VIJAYAWADA: Wondered why traffic eats into major part of your working day? Though the number of vehicles increased in the city since 2014, after State bifurcation, the road infrastructure has not been improved yet. The total number of vehicles in the city has doubled causing traffic snarls in various parts of the city.
Statistics show that nearly 70 per cent of the vehicles registered in Vijayawada are two-wheelers and close to 20 per cent are cars. According to 2011 Census, the city has a population of 10.24 lakh and the number would have crossed 15 lakh by now. However, the city has only 464 APSRTC buses against the required 600 buses. Speed limit is 40 km/hr during the peak hours on Mahatma Gandhi Road, Eluru Road, BRTS Road and other stretches in the city.
With two flyovers moving at a snail’s pace, one near Goddess Kanaka Durga temple and the other at Benz Circle and road widening plans being hit by land acquisition, traffic snarls in the city on different arterial roads are increasing day by day. In October 2017, the Vijayawada Municipal Corporation (VMC) in association with R&B department had proposed to develop 14 alternate roads connecting the major junctions in the city to provide respite for motorists. However, the development of alternate roads in the city is under progress and the officials somehow managed to complete the Mahanadu Road.
Further, the beautification works and other development works is increasing the traffic snarls at various locations. The civic body has demolished the existing central dividers on various roads and expanded them to improve greenery on it but failed to increase the width of the roads. Another major problem haunting the residents is lack of proper parking space. At present, the city has 11 parking slots and in 2017 traffic police booked maximum number of cases against wrong parking and no entry.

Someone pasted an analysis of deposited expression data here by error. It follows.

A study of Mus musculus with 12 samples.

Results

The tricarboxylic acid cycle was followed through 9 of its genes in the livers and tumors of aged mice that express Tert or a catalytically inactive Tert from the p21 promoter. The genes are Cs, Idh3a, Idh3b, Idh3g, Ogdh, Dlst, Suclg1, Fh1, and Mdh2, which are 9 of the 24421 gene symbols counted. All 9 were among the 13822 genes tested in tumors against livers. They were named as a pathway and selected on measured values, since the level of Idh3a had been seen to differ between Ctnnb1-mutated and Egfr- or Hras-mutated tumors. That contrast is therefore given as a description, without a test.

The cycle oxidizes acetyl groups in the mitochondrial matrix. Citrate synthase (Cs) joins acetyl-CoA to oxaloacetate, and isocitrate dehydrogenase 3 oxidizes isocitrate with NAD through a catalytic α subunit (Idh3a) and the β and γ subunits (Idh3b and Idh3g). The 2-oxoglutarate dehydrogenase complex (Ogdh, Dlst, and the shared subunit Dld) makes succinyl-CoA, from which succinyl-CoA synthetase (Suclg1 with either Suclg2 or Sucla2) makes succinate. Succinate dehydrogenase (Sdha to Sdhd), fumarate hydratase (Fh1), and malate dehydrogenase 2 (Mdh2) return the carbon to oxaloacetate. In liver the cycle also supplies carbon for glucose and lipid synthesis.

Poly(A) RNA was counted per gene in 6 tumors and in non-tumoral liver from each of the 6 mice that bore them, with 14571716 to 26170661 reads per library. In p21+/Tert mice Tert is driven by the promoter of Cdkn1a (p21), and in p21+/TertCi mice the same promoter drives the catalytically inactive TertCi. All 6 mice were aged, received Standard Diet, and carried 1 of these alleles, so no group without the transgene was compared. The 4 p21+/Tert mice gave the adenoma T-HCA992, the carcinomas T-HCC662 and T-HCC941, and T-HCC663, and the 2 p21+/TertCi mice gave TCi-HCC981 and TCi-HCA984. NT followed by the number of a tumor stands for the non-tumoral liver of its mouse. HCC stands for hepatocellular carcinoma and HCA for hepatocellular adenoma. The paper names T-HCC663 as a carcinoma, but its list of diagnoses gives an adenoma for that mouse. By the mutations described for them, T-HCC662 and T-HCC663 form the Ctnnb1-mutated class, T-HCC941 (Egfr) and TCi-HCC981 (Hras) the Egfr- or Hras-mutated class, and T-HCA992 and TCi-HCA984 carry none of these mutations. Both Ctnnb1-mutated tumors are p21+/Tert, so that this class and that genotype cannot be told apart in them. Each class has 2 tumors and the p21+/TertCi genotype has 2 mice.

Though the civic body and city police officials have tried implementing various plans to sort out the issue temporarily, parking continues to be a major problem in the city, especially in One Town area where the streets are narrow and congested as VMC’s proposed smart and multi-level parking project remained on paper.
According to the town planning department officials of VMC, majority of the roads in the city are below 120 ft width and it has become a herculean task for the VMC to take up road widening works as the building owners are not cooperating with the officials. With this several attempts of the civic body to develop alternative roads in the city have failed. “A survey will be commenced shortly in the city, after convening a meeting with property owners regarding compensation to be paid after demolition of their properties,’’ said VMC town planner Lakshman Rao.